Editorial: Campus Climate

The recent release of the Campus Climate Task Force Report by President Bravman has many students up in arms about the suggested changes to the University’s current academic and social conditions.

At The Bucknellian, we have been in communication with students, faculty and the administration throughout the past year about issues concerning campus climate. Last fall we dedicated the majority of an edition to the sexual assaults reported on campus. While we understand where the administration is coming from, and we can agree with the task force in some areas, we believe that some of the results may have been skewed out of proportion to highlight the negative aspects of our campus community.

One of the concerns we have with the report is lack of diversity from the pool from which the administration pulled statistics. According to the report, the task force used data majorly collected from members of the 2007, 2009 and 2010 graduating classes on a voluntary response basis. A large amount of the students polled in these surveys were also incoming first-years. Why wasn’t there a fairer representation of the student body in the task force data? How many sophomores, juniors and current seniors were polled during this time period? Obviously first-year students and outgoing seniors will have radically different perceptions of their time at the University. It only seems necessary to fill that gap to get a clear picture. Although data collection is hard, especially when a very limited amount of students participate, it is important to get a broad spectrum of statistics. That means encouraging students to answer these surveys truthfully or else no one can really take the statistics seriously.

In addition, the Sexual Experiences Survey was administered to an overwhelmingly female majority. Only 114 students out of the 1,023 surveyed were men. This doesn’t leave a large response bias. It would have been more accurate to include more male students. What was the non-response rate of these surveys? The fact that the task force only polled those students who were willing to go out of their way to submit their responses creates a response bias that cannot be overlooked.

We also think the task force has skewed the statistics towards a more negative angle. The task force places a heavy emphasis on the negatives of drinking, but it should be noted more clearly that drug use at the University is lower than comparable institutions. In addition, first-year students were over-represented in these samples. College freshmen tend to experiment with drinking a lot more than sophomores, juniors and seniors. We would have appreciated a more diverse statistic.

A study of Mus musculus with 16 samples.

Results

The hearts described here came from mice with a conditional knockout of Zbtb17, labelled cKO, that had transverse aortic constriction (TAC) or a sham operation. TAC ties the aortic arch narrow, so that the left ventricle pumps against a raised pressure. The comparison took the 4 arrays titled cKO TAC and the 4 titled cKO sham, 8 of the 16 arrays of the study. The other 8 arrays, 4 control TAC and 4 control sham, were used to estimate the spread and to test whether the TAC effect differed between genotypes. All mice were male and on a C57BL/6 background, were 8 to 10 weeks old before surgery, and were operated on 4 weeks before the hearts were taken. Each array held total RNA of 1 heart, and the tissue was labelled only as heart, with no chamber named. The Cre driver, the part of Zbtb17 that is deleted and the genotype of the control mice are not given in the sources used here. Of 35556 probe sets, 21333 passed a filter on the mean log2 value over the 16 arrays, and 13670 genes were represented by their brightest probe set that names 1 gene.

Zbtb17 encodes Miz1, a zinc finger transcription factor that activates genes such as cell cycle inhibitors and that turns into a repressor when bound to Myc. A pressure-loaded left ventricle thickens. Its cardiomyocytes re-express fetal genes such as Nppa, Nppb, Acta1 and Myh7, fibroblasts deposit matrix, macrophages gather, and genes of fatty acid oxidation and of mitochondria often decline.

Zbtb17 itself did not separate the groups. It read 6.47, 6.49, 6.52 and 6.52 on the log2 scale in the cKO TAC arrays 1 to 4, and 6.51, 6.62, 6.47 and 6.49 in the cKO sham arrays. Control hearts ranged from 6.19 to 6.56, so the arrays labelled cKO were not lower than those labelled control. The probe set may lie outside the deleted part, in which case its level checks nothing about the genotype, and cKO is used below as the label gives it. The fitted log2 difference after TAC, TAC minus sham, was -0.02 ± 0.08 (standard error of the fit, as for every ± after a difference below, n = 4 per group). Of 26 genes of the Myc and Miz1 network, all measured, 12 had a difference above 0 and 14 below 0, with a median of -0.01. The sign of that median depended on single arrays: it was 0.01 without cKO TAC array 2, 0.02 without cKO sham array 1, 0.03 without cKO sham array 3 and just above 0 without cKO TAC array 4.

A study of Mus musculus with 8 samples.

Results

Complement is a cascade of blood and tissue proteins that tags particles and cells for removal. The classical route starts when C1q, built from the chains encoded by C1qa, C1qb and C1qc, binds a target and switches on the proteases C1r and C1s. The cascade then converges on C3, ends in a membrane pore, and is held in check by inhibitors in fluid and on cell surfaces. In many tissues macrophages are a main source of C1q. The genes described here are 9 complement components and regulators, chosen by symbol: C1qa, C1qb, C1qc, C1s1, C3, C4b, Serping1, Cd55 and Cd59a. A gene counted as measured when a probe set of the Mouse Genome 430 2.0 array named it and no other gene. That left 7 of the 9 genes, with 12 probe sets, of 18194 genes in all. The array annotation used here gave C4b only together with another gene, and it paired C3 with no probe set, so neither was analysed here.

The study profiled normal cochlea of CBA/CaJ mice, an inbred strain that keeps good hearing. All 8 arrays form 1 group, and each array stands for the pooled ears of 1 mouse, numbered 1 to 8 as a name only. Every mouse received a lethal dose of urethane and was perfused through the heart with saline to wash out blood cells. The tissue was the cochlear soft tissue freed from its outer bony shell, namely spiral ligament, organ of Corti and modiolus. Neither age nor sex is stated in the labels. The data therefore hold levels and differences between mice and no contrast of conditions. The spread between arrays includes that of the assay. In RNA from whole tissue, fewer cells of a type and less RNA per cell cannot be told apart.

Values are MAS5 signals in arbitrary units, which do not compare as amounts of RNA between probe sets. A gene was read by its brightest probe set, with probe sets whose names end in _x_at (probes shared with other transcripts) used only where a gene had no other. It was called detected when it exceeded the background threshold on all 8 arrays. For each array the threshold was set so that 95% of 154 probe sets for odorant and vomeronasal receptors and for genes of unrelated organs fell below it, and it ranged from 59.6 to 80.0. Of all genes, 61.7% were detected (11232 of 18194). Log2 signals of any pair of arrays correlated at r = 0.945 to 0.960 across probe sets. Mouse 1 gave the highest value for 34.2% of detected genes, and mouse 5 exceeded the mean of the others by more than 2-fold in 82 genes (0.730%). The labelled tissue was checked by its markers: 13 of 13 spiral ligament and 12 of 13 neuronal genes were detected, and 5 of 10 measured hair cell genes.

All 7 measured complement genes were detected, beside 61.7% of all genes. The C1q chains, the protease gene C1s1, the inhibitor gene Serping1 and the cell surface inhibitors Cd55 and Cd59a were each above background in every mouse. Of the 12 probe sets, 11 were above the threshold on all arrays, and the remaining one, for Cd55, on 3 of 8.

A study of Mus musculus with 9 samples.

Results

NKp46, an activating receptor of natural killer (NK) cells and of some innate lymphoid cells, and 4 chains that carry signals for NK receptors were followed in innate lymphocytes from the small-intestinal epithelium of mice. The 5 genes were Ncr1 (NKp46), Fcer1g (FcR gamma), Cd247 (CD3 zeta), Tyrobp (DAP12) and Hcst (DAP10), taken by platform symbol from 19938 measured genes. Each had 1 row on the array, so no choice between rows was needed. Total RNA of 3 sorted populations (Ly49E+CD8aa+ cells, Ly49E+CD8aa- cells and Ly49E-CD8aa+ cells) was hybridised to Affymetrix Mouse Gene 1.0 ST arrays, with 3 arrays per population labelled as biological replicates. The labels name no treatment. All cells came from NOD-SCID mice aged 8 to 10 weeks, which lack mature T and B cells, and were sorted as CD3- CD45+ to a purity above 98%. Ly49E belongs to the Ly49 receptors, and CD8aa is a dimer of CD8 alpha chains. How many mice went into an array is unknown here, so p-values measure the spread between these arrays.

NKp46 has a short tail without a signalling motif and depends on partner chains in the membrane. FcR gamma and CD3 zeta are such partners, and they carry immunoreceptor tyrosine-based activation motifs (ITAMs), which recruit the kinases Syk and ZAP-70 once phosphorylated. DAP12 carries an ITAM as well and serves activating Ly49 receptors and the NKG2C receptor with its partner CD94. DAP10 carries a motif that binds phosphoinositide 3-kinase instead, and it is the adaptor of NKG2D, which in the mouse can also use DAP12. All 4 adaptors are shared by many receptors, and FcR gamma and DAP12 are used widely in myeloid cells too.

Through the climate report, President Bravman and the task force have expressed their severe dissatisfaction with Greek life and the way it impacts campus. Yes, Greek life can split the campus and create social divisions. However, an overwhelming amount of the philanthropic activities conducted on and around campus are done by Greek members. Although members of the Greek life here at the University are required to complete a certain number of ‘hours’ for philanthropy, the fact of the matter is, this is how it gets done. If it were not for the Greek system, philanthropy at the University would almost cease to exist. Although the Office of Civic Engagement offers many opportunities to students, many people aren’t aware of how to utilize it to its fullest.

We agree with the task force in that the University should be advertising more student-based activities, like Bingo, karaoke and other events at Uptown and in the ELC. However, it’s often the case that students don’t find going to Bingo as appealing as going to a fraternity party. While we know that there are students on campus that don’t participate in Greek life, the majority of them do, and the majority of them drink. This is not surprising in the least considering students drink when in college and there is a certain party atmosphere on campus. We don’t think the administration can change this. Even if the administration decides to eliminate Greek life all together, students who want to have fun by partying will find ways to do so. What’s more is that a large amount of alumni donators were members in Greek organizations on campus. If the administration gets rid of Greek life, alumni will stop donating to the University and the University’s College Rankings will lower.

We also have to disagree with the idea that Greek life is unsafe for men and women on campus. When fraternities decide to host parties on or off campus, they are legally responsible for all those attending. It is their best interest to keep things safe. The same goes for sororities and events that they host. It is in both organizations’ best interest so they can stay clean in the eyes of the Panhellenic and Interfraternity Councils. And closing Greek Life parties to first-years? Doesn’t that counteract Bucknell’s mission state of community? How are first-years supposed to feel a part of campus when they are forbidden from attending certain parties or events?

We understand the task force has good intentions and that there are issues on campus that need to be addressed. That being said, the skewed statistics and goals the University is proposing are extreme. Punish members of the community who need to be punished. The administration did that with the Sigma Alpha Epsilon and Kappa Delta Rho fraternities. All others, those Greek organizations and students who are following the rules, should not be penalized.